Even those of us who are active can overlook the integral role stretching and mindful movement plays in our bodies. Who isn’t guilty of teeing off without rolling out the shoulders or leaving the gym without a cool-down?
But, as mounting research touts the benefits of stretching and mobility training, classes and gyms are popping up dedicated to the practices. Locally, studios like StretchLab, Healix Center and Theorem Fitness & Jiu Jitsu Club prioritize stretching, mobility and recovery as crucial parts of a healthy lifestyle. “You don’t have to be a hardcore athlete to have the benefits of flexibility and have a better range of motion,” says Carolyn Peterson of StretchLab.
With locations in Estero and Naples—and one coming to Fort Myers in 2023—StretchLab positions stretching as the holy grail of fitness. After all, for muscles to be strong and healthy, they must be limber. Think of your seatbelt and how it extends during a collision: Pull too hard and fast, and the strap locks up. Over time, the fabric can fray and rip. Your muscles function similarly; when tight, they can’t extend all the way, causing sharp pain when you swing a racket or even step off a curb. All age groups are susceptible to preventable, mobility-related issues, and the best way to curb pains is to go on the defensive, Carolyn says.
At StretchLab, she and her husband, Scott, focus on assisted stretching, in which trained Flexologists help you get into and hold stretches. Their studio centers on the science-backed PNF (proprioceptive neuromuscular facilitation) method, which involves stretching the muscle to its limit, then contracting for a few seconds. “When you contract the muscle while holding a stretch, the brain says, ‘It’s ok, I see you.’ And that signal tells the muscle to relax and allows you to stretch a little deeper,” she says.
Consistent stretch sessions, she promises, help elongate and strengthen muscles, promoting flexibility and mobility and minimizing potential injury. Participants in their group classes (with no more than six people) range from child athletes to retirees. Those of us who sit at a desk for hours can especially benefit from stretching throughout the day. “There are certain things that you can do that are pretty basic,” Carolyn says, pointing to moves, like calf stretches, modified squats and hand clasps behind your back.
Assisted stretching, like at StretchLab and StretchZone in Naples, is gaining momentum for its ability to help people flex more consistently and safely and reach deeper postures. The Healix Center in Naples, offers one-on-one, assisted stretching in private rooms (plus, medical massages are available to add on). Former fitness competitor, Rebecca White-Steensma, founded Healix, where they offer FST (fascial stretch therapy), which targets the connective tissue around muscles and joints. The personal trainer and fascial stretch therapist recommends the treatment for pre- and post-op patients, since stretching increases blood flow, which is key for recovery.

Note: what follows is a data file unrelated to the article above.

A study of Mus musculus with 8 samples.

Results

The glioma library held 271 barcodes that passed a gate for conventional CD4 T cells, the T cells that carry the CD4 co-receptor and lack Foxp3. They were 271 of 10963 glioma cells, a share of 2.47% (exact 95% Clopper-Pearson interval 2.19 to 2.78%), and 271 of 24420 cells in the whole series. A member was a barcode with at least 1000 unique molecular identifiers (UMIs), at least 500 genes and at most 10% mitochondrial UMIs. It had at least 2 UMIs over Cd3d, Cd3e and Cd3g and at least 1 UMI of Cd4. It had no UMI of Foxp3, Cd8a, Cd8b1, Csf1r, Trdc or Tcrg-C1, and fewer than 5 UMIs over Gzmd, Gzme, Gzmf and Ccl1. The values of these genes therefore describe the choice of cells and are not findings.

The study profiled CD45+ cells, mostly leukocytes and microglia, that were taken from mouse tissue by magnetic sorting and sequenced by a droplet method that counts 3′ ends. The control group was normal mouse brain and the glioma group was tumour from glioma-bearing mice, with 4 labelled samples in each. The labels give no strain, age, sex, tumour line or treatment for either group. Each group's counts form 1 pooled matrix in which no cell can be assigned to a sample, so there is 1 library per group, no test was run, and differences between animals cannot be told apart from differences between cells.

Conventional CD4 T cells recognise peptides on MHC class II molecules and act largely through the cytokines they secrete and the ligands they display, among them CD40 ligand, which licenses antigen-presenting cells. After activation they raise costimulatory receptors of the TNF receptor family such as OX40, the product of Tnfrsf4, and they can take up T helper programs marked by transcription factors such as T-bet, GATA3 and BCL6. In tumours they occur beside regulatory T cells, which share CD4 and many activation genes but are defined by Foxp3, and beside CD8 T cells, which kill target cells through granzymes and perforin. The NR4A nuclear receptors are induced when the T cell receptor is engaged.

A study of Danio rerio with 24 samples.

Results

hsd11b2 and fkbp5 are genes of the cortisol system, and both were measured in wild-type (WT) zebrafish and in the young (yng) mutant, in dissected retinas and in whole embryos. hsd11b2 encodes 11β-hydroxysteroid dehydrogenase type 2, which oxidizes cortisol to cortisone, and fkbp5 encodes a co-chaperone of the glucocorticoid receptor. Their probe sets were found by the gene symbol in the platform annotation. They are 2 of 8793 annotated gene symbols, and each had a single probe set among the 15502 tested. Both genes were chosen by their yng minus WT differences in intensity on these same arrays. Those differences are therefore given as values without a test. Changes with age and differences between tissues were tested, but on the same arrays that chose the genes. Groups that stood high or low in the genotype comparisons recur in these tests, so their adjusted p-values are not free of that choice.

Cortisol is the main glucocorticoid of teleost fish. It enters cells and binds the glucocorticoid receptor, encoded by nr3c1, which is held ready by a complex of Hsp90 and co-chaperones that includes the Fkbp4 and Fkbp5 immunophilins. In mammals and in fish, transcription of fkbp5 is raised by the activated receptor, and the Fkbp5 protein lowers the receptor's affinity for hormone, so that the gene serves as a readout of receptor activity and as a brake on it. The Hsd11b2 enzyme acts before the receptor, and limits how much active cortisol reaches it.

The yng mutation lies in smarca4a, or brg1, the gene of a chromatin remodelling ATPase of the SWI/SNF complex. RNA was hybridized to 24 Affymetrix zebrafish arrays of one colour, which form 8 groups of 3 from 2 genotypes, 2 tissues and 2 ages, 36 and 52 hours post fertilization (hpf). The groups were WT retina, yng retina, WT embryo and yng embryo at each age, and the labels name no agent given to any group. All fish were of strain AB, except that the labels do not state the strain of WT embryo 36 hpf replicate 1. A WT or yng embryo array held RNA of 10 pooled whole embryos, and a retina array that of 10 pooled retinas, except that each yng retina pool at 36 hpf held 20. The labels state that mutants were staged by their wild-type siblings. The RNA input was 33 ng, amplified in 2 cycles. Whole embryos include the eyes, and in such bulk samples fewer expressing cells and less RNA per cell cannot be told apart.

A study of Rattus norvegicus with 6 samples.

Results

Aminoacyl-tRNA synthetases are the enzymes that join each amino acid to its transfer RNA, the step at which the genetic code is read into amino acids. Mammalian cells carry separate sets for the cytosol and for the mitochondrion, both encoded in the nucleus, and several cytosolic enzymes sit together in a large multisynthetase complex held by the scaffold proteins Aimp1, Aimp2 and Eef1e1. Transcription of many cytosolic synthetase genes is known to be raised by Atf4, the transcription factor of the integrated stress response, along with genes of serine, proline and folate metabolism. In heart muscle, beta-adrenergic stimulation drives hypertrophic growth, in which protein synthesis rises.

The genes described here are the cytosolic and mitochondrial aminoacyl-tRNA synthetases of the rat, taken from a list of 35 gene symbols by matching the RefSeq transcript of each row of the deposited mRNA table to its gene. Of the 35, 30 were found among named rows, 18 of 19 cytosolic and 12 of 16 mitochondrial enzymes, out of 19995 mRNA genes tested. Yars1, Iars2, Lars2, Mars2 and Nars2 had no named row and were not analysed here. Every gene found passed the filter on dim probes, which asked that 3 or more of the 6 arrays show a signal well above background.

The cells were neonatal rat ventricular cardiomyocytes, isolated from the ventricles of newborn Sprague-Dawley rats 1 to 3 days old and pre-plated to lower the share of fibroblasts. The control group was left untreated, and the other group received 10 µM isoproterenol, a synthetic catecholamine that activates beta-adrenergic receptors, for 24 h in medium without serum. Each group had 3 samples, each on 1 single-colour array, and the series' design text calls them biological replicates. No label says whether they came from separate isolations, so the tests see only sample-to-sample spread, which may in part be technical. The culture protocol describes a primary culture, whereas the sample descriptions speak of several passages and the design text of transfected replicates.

While stretching is not reserved for athletes, naturally, a large sector of the local clientele involves golfers and pickleball and tennis players. To help improve their game, Rebecca recently added a Titleist Performance Institute-certified biomechanics specialist and performance coach to the team. “You can only do what you can recover from,” she says. StretchLab stocks Normatec compression equipment, which uses air-filled sleeves to push lactic acid throughout the targeted area, reducing muscle aches.
And, it’s not just the physical body that benefits. Rebecca notes many clients who suffer from trauma experience emotional release. Your emotions are carried in your fascia, so when the physical tightness lessens, the mind can let go, too, she says.
Hand-in-hand with stretching is mobility training, or range-of-motion workouts. “The better you move, the better you feel, and the better you perform,” says Dominick Nusdeu, owner of Bonita-based Theorem Fitness & Jiu Jitsu Club, which offers mobility classes. When range-of-motion for bigger muscles is limited, assistance muscles, like your vulnerable lower back, have to pick up the slack. Mobility movements (think: lateral lunges, foam rolling, ankle rolls) combine flexibility, strength and balance to gain control of the muscles around your joints, so you can bend, swing, reach and jump with ease. The ACE-certified orthopedic exercise specialist offers 45-minute strength-and-mobility classes with movements for the whole body.
Further south, Naples Personal Training teaches the Kinstretch method, which melds stretching and mobility exercises for routines you can do on the go. In one-on-one sessions, trainers guide you through exercises (fire hydrants for the hips, shoulder rotations) that you can incorporate into your routine and do for a couple hours each week.
Regardless of your approach, all the pros agree: Mobility and stretching are for everyone and should be done consistently—not just before or after a workout. That’s especially true if you want to prevent injury or lessen those pesky pains that come with age. “It doesn’t matter your age, you can always improve your flexibility and range of motion … that’s gonna help with everything in your day-to-day life,” Carolyn says.